Some areas of the state are seeing an increase in the number of blister beetles this year, according to Janet Knodel, Extension entomologist at North Dakota State University. This higher level of blister beetles should be a concern for those putting up hay and also canola growers in those heavily affected areas, which right now seem to be concentrated in the northeastern corner of North Dakota.

Knodel has received reports of higher than normal populations around Hazen, N.D., and she has found them in soybean fields as far east as Fargo.


Adult blister beetles range from one half to one-inch long and have a characteristic narrow, elongated, soft body with a head wider than the pronotum. The flexible wing covers are rounded over the abdomen and the color ranges from black to gray to brown.

Blister beetles belong to an insect family that contains cantharidin, which is a toxic defense chemical that protects the beetles from predators. However, the cantharidin in the bodies of dead or living beetles can also be toxic when ingested by livestock, Knodel notes, with horses being especially sensitive. This insect has also been known to occupy bees’ nests where they feed on eggs and food stored in the nests.

“They can also be a pest in canola,” she said. “They are attracted to the flower during flowering, feeding on the nectar and pollen. But, in the process, they also clip the terminals and that is where the pods develop – or they will clip the flowers off.”

However, there is a beneficial side to blister beetles as well, Knodel noted. This comes from the beetle’s early-life appetite for grasshopper eggs.

Life-cycle of blister beetles

As is often the case, to understand an issue it is best to have an understanding of the life-cycle of the subject in question.  Female blister beetles lay clusters of eggs in the soil during late summer. Small larvae then hatch from those eggs and crawl across the ground’s surface in search for cracks in the ground that might contain grasshopper egg pods. Once a mass of eggs is found, the blister beetle larvae become immobile grubs. The following summer these grubs pupate and eventually emerge as adult blister beetles.

From this life-cycle outline, it is easy to see how the blister beetle population could make a huge upturn after a dry summer with high grasshopper populations, which was the case last year in the northeastern part of the state.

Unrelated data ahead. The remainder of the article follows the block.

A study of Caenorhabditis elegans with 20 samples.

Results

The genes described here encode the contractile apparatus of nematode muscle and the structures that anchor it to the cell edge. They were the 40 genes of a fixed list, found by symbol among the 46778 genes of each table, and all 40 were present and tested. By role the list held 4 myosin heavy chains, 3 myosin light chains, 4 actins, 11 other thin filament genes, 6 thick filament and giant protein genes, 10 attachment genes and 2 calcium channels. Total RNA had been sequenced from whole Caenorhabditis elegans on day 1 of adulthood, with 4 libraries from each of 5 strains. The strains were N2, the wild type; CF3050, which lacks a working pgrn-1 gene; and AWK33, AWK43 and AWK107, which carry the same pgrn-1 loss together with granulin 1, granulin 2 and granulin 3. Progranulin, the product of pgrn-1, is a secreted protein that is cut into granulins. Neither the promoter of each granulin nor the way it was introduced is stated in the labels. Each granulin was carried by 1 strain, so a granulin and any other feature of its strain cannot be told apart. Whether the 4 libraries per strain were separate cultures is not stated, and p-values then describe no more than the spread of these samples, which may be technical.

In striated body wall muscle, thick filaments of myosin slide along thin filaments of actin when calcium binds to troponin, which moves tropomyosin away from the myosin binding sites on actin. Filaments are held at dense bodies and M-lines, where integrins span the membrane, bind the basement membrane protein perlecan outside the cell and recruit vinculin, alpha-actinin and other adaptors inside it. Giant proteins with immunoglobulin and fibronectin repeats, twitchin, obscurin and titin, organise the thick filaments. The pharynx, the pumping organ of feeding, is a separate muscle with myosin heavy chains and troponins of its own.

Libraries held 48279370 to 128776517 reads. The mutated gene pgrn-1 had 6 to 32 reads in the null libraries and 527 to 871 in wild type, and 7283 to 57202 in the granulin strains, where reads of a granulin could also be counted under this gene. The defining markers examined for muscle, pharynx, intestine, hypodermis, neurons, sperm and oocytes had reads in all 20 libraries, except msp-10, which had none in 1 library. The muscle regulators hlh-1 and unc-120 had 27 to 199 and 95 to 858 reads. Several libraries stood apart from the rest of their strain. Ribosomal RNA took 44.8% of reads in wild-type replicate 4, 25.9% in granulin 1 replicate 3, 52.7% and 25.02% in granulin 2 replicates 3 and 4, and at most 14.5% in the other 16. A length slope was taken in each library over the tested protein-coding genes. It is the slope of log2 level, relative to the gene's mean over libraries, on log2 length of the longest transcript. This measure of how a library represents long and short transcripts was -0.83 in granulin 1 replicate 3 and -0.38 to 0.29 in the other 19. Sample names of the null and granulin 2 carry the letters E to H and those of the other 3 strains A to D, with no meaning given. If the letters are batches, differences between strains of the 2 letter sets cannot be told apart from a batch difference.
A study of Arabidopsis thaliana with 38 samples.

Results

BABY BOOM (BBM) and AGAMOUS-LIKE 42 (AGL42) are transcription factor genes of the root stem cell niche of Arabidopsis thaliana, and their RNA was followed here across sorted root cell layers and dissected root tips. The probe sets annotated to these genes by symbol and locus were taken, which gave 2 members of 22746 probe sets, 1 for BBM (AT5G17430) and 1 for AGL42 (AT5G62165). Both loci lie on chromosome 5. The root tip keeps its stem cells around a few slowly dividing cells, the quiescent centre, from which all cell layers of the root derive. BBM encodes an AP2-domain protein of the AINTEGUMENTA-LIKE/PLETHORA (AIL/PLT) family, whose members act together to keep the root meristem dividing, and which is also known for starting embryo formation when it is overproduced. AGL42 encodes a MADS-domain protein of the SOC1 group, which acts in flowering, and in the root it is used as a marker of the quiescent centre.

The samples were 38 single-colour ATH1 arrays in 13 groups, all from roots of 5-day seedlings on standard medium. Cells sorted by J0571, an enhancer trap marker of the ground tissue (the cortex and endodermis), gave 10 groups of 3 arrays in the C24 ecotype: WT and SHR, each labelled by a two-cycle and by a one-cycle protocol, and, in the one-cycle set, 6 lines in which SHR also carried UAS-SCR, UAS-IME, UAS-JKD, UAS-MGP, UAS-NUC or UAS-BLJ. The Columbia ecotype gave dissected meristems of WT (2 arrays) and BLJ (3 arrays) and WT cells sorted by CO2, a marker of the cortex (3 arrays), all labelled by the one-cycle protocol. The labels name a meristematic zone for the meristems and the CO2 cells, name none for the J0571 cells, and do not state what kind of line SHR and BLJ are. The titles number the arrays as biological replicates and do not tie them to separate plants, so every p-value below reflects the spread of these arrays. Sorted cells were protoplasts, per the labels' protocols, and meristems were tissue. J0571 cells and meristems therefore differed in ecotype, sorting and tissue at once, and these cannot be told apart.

Management tips

The first flower of choice for the blister beetle is alfalfa blossoms, followed by canola and soybean flowers. There are several steps a producer can take to reduce the risk of toxicity from blister beetles:

  • Learn to recognize blister beetles and understand their behavior
  • Cut alfalfa before the bloom stage
  • Check hay for blister beetles before cutting
  • If beetles are present, avoid using hay conditioners or crimpers – cantharidin is very stable and remains toxic in dead beetles for a long time
  • As the hay dries, the beetles will likely move on to another area leaving a low number of beetles in the hay swath

Blister beetle impacts on livestock

Cantharidin is a blister-causing agent that is quickly absorbed upon contact and causes inflammation and blistering of internal and external body tissues, according to an NDSU Extension bulletin on the subject.

Research has determined the lethal dose of cantharidin to be approximately 1 milligram per kilogram (2.2 pounds) of horse body weight. This means that 200 blister beetles could have levels of toxin sufficient to kill an adult horse.

Poisoning symptoms usually appear within hours and include irritation and inflammation of the digestive and urinary tracts, colic and straining due to frequent urination. Animals can die within 72 hours after being exposed.

A horse that has been affected by cantharidin needs immediate medical attention, which includes IV fluids to flush out the kidneys, rehydrate the animal and return balance to the body’s electrolytes. But, even if caught early, cantharidin toxicity has a guarded prognosis in horses.

Finally, hay suspected of being infested with blister beetles should be checked for beetles before feeding. Hay found to be contaminated should not be fed to horses or other livestock, and removal of the beetles from the hay will not make it safe.

In canola fields

Very seldom is it necessary to spray an entire field for blister beetles, Knodel said. The beetles like to congregate in a group and growers should check for spots where the beetles have gathered. The spraying threshold for canola is 10 beetles per plant when they are feeding on flowers and pods.

“We see a few every year in canola, but in terms of economic yield loss, it really is not like flea beetles,” she said. “Each year we have a few blister beetles, but not like the numbers we are seeing this year in some alfalfa fields.”